Dear Thelma

I am a 15-year-old high school student. These past few months have been miserable and depressing. I am currently suffering in many things: school, life, my dream to become someone successful … the list goes on and on.

Every day I feel terrible. I feel as if I would die at any moment. There is this heavy weight on my shoulders and I always feel tired and sick. I have lost my appetite and an interest in the things I used to enjoy, I can’t concentrate on anything. I just feel demotivated in anything I do. Sometimes I feel like giving up and killing myself. Over the last few months, I think I’ve gone mental.

School doesn’t help either. My classmates make fun of me all the time, calling me names. Some even try to strike back at me whenever I say something, or ignoring me as if I am no one. I once had friends, but they don’t talk to me anymore. Everyone else is having a good life while I’m always in the corner alone, suffering quietly from this chaos.

I feel stressed because of my studies and my goal to succeed in my violin career. Sometimes I just can’t handle anything around me and I always have the urge to commit suicide. Life just doesn’t feel right and I feel that ending my life can just lead me to peace.

Am I suffering from depression, Thelma? Or is it just me imagining things? I just want life to be good again and I don’t want to wear the mask that everyone sees. Please help me. – Emotional


Dear Emotional

You should go and talk to someone and you should do it very quickly because you’re feeling suicidal. That is never good, and so it’s important you get some help. Can you talk to your parents? Or maybe a close relative or a teacher you trust? Please do so as soon as you can.

Curiously, feeling suicidal is not always an indication of depression. Feeling suicidal simply means you don’t want to live the way you are. It’s a cry for change. This is why there are people who suffer from anxiety, grief and other conditions who feel that way, too.

Depression itself is a complex issue because no two people are affected the same way.

Generally speaking, depression involves having symptoms for two weeks and more. These include but aren’t limited to feeling hopeless, not enjoying things you used to enjoy, not being able to sleep, losing your appetite, feeling like a failure, wanting to die … You mention all of these, and more, so I really think you need to be assessed properly.

Please don’t worry about asking for help. Teenage depression is very common and it’s becoming more common every year. The reason for it is hotly debated but some suggest it’s because the way we socialise has changed.

Teenagers used to spend time at school, and then go home and spend time with their families. They would also have a social life with the kids who lived in their own neighbourhood.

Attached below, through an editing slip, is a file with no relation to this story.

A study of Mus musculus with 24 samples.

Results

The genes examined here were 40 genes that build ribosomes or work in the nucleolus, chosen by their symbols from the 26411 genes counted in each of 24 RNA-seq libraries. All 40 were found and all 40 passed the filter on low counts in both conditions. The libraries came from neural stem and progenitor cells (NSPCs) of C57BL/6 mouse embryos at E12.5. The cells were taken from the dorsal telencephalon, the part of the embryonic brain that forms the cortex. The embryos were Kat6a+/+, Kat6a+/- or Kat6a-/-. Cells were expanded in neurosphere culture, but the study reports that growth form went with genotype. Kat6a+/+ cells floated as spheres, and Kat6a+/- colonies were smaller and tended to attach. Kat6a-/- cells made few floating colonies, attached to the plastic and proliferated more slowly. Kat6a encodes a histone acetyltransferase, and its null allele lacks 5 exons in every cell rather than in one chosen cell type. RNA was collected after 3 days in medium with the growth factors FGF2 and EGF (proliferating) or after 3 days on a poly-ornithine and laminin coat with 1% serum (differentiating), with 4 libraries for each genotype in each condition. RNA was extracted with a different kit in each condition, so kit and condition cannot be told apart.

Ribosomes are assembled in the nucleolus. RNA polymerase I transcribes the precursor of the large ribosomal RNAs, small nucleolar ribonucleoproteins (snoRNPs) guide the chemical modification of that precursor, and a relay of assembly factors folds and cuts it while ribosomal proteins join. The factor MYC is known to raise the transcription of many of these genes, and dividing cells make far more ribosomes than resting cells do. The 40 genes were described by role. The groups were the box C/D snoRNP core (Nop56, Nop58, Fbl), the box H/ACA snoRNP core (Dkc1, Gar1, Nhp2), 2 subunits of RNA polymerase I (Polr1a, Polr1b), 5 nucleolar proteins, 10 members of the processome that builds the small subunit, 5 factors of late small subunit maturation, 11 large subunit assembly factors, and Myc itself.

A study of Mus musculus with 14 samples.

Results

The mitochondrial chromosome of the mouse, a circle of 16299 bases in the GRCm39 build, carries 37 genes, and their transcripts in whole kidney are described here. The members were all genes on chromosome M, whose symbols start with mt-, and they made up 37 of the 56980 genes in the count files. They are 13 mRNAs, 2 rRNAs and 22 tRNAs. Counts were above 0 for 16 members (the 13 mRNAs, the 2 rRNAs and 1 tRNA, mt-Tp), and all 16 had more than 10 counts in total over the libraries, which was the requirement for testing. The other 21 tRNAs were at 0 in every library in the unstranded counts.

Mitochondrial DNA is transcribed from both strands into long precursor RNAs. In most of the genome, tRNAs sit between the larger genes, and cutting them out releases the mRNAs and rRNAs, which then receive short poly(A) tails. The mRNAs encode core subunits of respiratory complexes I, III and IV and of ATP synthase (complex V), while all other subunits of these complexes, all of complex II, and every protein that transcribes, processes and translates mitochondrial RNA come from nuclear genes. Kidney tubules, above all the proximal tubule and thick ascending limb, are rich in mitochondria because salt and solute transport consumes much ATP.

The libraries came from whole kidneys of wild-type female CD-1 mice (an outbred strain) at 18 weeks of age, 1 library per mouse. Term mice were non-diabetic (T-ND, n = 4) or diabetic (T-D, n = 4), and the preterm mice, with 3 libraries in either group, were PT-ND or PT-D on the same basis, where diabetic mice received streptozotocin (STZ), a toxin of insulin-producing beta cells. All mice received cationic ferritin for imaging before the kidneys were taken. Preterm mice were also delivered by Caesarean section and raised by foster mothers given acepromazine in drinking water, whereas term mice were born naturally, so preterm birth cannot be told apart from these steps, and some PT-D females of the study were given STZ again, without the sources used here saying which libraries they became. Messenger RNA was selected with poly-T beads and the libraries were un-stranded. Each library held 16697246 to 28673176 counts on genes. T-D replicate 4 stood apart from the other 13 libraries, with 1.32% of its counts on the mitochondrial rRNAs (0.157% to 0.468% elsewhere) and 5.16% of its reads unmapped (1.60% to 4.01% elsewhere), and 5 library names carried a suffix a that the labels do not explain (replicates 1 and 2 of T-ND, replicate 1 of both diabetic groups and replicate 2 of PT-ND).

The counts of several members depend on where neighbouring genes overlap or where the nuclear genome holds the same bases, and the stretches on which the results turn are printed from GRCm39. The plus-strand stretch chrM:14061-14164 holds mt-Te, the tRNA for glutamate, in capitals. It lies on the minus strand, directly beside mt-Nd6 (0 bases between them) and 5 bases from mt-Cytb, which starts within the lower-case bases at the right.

Teenage depression is very common and it’s becoming more common every year… Some suggest it’s because the way we socialise has changed.

Today, life is very different and a lot more stressful. You study a lot more and you’re probably on your phone a lot too, so you don’t get a break. As such, recognising you can’t cope and asking for help is sensible and proactive.

While you haven’t asked me for advice on friendship, I think you need urgent help there, too. You mention that some of the kids at school are bullies, calling you names and even hitting you. That is totally unacceptable and you have to tell your parents and teachers so they can put a stop to that. With all the big bully stories in the press at the moment, adults should be listening, so speak out. Bullies never pick on one person! So by reporting it, you will be helping yourself as well as the other kids they’re bullying.

Finally, you say you had friends but now you’re alone. Please talk to your counsellor or therapist about this. You see, depression can have some strange effects. In a way, it can act like a cloud of dark smoke. When we feel depressed, it wraps around us, making it hard for our friends to reach us. Also, this haze makes everything seem hopeless.

So I’m thinking it’s possible that some of your old friends would be happy to talk to you, but maybe they’re a bit uncertain about how to go about it. This is not your fault or theirs; it’s just an effect of the depression.

Work out what’s going on, and get your counsellor and your parents to help you get back into your happy zone again. This may be as simple as asking an old friend over to your house for an afternoon.

You’re very brave to speak up and I hope you get help very quickly. Do write and let me know how you get on.


Is something bothering you? Do you need a listening ear or a shoulder to lean on? Thelma is here to help.